NASA reports major Pluto development

NASA reports major Pluto development

NASA's New Horizons spacecraft flew past the dwarf planet back in July 2015, and now the agency has hit a big milestone.

It’s been more than a year since NASA’s New Horizons spacecraft flew past the dwarf planet at the edge of our solar system, and now the space agency is reporting that scientists have received the last bits of data from the probe once and for all, closing the book on the historic mission.

Engineers at Johns Hopkins Applied Physics Laboratory received the last of the data beamed back by the spacecraft this week, NASA said in a statement. It marks the end of an incredible journey and what is sure to go down as one of NASA’s crowning achievements in its storied history.

It took about five hours for the last little bit of data to reach NASA’s Deep Space Network station located in Australia. As New Horizons got further and further from Earth, it took longer and longer for scientists to download the data, which came in at a trickle, traveling more than 3 billion miles.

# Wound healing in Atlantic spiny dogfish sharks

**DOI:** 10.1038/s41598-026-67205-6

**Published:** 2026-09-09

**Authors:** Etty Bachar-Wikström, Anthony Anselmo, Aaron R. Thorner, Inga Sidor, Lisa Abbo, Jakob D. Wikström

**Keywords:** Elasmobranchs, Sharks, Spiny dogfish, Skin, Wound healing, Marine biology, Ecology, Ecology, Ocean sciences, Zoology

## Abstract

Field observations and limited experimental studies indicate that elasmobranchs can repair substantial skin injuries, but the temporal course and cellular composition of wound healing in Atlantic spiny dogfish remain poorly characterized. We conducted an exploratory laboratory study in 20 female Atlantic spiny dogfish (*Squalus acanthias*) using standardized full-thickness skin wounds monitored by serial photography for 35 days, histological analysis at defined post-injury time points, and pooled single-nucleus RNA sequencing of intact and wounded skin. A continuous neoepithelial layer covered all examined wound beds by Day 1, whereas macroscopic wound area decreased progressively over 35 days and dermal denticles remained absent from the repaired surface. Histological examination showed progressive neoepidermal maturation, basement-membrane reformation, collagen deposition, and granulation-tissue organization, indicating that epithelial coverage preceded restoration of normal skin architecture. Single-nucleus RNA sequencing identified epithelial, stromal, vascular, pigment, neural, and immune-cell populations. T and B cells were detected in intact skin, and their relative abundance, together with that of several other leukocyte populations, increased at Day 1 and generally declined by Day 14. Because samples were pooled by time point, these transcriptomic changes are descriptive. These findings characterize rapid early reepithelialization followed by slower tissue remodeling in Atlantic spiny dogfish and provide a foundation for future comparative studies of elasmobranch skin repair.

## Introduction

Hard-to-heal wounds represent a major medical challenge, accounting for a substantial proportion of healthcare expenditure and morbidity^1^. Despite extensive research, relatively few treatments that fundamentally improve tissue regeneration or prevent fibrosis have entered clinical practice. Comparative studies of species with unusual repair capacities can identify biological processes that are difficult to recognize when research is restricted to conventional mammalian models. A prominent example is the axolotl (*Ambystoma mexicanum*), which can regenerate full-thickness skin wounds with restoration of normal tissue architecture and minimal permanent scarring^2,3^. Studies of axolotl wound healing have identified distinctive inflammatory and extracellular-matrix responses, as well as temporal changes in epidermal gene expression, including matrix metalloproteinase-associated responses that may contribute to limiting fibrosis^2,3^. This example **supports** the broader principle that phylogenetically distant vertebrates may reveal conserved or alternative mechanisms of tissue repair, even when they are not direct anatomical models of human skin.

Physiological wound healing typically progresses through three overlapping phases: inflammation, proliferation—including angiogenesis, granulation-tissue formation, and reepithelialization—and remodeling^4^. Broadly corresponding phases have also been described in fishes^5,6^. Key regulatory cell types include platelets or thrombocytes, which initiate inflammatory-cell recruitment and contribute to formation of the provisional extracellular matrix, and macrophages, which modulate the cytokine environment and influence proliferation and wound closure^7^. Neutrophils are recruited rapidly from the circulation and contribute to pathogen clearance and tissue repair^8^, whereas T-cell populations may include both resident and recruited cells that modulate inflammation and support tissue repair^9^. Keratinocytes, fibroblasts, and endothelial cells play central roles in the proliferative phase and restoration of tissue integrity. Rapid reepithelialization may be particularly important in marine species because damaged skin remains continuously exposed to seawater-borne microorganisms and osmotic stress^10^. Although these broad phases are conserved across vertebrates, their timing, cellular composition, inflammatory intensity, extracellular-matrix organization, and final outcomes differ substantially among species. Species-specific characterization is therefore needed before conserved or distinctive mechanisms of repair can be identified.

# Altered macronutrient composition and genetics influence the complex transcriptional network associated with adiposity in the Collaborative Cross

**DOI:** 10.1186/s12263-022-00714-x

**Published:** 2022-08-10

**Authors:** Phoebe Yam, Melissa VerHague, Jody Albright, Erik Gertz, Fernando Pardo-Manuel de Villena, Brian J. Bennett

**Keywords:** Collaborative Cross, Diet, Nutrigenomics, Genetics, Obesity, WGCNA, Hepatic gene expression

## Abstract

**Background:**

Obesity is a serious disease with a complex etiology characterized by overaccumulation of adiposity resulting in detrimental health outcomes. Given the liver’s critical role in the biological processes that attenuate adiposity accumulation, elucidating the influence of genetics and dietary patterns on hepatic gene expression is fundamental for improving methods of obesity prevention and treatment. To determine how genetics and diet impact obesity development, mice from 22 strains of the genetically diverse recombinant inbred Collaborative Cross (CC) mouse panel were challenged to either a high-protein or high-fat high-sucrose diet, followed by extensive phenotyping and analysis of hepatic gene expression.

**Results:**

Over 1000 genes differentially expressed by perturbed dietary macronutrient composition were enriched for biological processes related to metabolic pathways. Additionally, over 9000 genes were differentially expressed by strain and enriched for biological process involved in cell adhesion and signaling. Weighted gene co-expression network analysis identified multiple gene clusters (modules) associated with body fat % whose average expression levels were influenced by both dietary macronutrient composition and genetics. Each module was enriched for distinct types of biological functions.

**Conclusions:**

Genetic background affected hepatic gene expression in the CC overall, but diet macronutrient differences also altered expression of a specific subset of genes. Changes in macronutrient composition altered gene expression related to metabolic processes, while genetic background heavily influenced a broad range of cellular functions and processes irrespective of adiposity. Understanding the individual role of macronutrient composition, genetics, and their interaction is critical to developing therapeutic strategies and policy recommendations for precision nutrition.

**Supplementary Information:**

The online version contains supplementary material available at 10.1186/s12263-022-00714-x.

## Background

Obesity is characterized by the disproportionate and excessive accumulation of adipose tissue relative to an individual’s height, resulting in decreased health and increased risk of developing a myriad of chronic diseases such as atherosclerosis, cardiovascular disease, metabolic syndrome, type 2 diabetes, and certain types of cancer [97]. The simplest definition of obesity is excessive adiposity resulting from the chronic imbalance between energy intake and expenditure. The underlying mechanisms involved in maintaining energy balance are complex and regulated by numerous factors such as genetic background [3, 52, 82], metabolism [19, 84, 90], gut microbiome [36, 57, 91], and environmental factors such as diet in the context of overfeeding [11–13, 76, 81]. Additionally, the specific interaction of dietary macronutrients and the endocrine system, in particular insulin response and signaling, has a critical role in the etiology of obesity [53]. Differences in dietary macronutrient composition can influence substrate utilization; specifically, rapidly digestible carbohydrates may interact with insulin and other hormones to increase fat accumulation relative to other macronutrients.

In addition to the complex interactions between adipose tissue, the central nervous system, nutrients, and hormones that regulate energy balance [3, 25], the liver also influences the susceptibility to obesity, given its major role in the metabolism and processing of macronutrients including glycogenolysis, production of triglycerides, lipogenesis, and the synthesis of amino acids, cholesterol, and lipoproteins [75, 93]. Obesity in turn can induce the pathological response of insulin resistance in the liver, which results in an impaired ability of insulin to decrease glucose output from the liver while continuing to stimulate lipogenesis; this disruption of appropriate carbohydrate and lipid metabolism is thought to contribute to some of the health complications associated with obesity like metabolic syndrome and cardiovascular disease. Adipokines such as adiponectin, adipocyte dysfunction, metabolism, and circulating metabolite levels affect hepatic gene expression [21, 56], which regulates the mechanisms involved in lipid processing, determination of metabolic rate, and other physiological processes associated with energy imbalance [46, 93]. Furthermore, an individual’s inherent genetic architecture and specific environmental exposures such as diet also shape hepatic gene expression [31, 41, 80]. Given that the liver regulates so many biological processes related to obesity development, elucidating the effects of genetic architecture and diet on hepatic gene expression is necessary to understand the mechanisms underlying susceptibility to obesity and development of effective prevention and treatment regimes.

The last data includes some observations of Pluto and its moon Charon, which was taken with the Ralph/LEISA imager on the New Horizons spacecraft. Now, researchers will delete the storage drives on the probe to make room for new data as New Horizons starts a new mission: to explore some mysterious Kuiper belt objects starting in 2019.

“The Pluto system data that New Horizons collected has amazed us over and over again with the beauty and complexity of Pluto and its system of moons,” said Alan Stern, New Horizons principal investigator from Southwest Research Institute in Boulder, Colorado. “There’s a great deal of work ahead for us to understand the 400-plus scientific observations that have all been sent to Earth. And that’s exactly what we’re going to do—after all, who knows when the next data from a spacecraft visiting Pluto will be sent?”